I first heard of Donna Karan’s organization, The Urban Zen Foundation, in 2007. I was moved and inspired by her mission of bringing an integrative, holistic approach to western medicine and patient healing. Much of her focus is patient advocacy for men and women coping with cancer. At the time I was working in research for Memorial Sloan-Kettering Cancer Center and had direct relations with end of life patients on a daily basis. The foundation resonated with me and I praised it often with our patients. I know that meditation, herbs, yoga and massage relieved and comforted many of the people I met.
Since then, Urban Zen has expanded its mission and so have I. Programs and workshops include children’s well-being, cultural needs, nutrition and food, Haitian relief and more. It wasn’t until this January 2010 that I finally attended my first workshop in their West Village studio. It was long overdue.
This was workshop #1, Rightsizing Your Waist and Plate, of a six part Food Solutions series they are hosting throughout 2010. The morning began with a presentation by Dr. Lisa Young author of The Portion Teller Plan. Eyes were wide as she discussed portion control in America and over consumption. From 1960 until 2000 portions have increased in everything from sodas, bagels, beer, candy, chips (all the good for you foods) by at least 50%. A bagel in 1960 was 2-3oz compared to 4-6oz in 2000 and the average coca-cola bottle has gone from 6.5oz to 20oz, over 3 times the size! The equivalent of a bagel today = 15 cups of popcorn, 1 muffin = 7 cups of whole grain cereal, 1 pint of OJ = 3 oranges and the average steak at a steakhouse has the protein equivalent to 18 eggs. The talk concluded with her mentioning that the genetic cause of obesity in America is only 1%. She might be onto something here….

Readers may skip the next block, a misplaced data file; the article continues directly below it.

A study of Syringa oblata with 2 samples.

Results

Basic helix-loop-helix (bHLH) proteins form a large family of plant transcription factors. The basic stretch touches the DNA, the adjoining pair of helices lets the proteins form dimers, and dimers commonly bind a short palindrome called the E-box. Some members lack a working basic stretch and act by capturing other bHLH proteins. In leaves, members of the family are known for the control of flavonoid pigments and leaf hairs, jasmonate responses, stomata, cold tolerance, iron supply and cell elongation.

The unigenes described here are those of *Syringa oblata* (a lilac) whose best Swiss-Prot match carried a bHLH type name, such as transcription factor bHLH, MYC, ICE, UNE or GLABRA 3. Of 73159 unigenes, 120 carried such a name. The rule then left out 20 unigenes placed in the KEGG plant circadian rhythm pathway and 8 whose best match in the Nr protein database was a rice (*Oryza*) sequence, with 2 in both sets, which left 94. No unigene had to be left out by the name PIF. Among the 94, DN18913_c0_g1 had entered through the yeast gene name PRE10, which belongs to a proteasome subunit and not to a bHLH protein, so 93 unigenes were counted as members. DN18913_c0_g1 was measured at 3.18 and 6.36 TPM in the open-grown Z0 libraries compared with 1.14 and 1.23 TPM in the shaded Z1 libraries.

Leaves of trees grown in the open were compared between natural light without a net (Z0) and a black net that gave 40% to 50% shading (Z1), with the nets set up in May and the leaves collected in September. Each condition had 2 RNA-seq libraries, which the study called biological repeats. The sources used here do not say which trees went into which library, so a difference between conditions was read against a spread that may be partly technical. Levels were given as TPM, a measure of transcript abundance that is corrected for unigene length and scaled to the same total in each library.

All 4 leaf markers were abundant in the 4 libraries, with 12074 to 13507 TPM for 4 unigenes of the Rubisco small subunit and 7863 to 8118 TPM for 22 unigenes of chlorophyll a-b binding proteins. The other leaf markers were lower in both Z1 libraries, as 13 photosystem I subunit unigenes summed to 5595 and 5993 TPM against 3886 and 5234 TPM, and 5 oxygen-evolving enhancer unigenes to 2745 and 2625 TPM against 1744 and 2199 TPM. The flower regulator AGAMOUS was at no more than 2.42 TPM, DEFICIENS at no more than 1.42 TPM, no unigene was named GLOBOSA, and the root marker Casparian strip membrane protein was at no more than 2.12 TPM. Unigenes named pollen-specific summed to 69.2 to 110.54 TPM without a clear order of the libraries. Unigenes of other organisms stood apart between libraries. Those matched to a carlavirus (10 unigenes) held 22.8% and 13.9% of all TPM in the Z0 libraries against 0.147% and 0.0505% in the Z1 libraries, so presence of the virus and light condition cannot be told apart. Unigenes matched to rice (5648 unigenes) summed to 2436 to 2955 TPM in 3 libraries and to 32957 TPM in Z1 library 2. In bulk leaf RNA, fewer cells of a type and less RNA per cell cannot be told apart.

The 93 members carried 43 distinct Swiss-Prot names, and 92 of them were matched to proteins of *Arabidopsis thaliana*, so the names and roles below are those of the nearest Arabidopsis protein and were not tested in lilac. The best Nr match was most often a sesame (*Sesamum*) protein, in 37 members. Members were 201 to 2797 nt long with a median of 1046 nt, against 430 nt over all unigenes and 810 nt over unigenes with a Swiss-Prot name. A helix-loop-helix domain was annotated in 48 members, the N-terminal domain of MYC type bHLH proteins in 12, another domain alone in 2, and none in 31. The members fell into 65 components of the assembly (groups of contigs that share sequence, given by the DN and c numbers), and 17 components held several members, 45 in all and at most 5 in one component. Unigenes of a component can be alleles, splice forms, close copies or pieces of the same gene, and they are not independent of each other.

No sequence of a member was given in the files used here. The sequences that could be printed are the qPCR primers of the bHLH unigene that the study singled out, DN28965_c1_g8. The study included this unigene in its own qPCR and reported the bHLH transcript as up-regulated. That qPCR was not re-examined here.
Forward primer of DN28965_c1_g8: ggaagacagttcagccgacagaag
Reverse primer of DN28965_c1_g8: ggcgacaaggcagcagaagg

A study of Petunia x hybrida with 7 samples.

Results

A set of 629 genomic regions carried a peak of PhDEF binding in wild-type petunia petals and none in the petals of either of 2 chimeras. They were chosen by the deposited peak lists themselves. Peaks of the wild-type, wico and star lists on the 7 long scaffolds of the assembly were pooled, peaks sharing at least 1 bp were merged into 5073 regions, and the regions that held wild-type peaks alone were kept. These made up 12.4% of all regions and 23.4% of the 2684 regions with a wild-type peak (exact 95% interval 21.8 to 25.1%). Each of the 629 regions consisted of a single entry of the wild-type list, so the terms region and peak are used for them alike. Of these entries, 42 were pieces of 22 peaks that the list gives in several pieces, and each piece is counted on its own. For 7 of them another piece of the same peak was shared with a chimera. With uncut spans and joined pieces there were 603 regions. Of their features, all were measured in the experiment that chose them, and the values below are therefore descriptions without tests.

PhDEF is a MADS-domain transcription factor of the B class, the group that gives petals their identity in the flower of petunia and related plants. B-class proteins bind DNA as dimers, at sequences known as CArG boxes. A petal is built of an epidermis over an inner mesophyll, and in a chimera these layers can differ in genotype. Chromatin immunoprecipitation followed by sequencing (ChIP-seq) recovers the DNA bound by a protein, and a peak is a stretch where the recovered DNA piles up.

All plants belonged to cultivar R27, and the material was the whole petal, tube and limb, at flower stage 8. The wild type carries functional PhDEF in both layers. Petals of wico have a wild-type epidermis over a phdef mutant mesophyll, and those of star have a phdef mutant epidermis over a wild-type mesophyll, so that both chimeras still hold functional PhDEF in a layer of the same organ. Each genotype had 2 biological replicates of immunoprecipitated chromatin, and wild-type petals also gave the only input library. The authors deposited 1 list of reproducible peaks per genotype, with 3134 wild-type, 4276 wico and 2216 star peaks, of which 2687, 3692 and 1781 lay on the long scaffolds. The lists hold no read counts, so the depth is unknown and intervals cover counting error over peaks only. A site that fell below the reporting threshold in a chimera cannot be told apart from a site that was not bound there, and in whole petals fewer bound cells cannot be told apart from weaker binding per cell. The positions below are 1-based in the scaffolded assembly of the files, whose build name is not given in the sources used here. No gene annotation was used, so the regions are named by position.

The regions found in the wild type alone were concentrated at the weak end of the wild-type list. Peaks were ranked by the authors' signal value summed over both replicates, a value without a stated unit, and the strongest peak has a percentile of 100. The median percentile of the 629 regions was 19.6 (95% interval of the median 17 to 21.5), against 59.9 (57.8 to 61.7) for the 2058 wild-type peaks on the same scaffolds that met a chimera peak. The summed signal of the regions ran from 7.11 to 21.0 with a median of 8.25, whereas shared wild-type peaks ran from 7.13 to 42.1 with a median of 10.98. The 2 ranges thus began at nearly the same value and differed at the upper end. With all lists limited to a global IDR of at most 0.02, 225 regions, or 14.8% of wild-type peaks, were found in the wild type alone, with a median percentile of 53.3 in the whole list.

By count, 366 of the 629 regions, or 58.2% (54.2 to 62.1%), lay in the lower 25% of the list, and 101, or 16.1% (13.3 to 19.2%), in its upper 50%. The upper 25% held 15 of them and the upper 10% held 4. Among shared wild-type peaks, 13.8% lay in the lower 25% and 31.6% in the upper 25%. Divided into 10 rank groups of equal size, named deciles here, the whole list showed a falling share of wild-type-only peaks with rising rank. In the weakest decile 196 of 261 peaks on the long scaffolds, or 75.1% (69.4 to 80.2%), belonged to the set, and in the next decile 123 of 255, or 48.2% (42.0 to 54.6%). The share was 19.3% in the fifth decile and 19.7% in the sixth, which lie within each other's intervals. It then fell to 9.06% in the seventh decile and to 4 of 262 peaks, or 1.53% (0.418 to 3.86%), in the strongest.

Nutritional educators Stefanie Bryn Sacks and Amanda Archibald hosted the all-day event, providing educational information as well the coordination of a hands-on lunch. Our group of at least 60 put together a meal that included soups, grain salads and bean dips all prepared at our tables with nothing but knives, measuring cups, hot water boilers, blenders and the organic, vegetarian ingredients that were donated by Whole Foods.
One of the highlights of the day was the Flights of Flavor demonstration/discussion. Placed on every table was a flight of food (sampling of foods presented side by side for sensory evaluation). Think wine or cheese tasting. The flights each represented a different “veggie style” – groups consisted of 1. beets, butternut squash and sweet potato, 2. daikon radish, turnips and bok choy, 3. brussel sprouts, cauliflower and cabbage (all were raw and cut into very small pieces). Many people had a hard time differentiating each cluster, what some found sweet others found bitter. What Amanda does is break down foods into categories such as sweet, neutral, earthy, bitter, spicy, tart, grassy etc…I think this is a great way to have fun with kids, significant others, family or friends and experiment with your taste buds and senses. Find what groups you like, explore and open yourself up to new foods found in that category you might not have otherwise tried. You never know, you might be a huge fan of turnips and arugula if you like spicy food and parsnips and fennel if you like sweet foods.
I have been invited to attend the 2nd workshop of the series tomorrow: Dr. Kenneth Bock and Dr. Stephen Cowan present Food Solutions: Managing Autism, ADHD, Asthma and Allergies.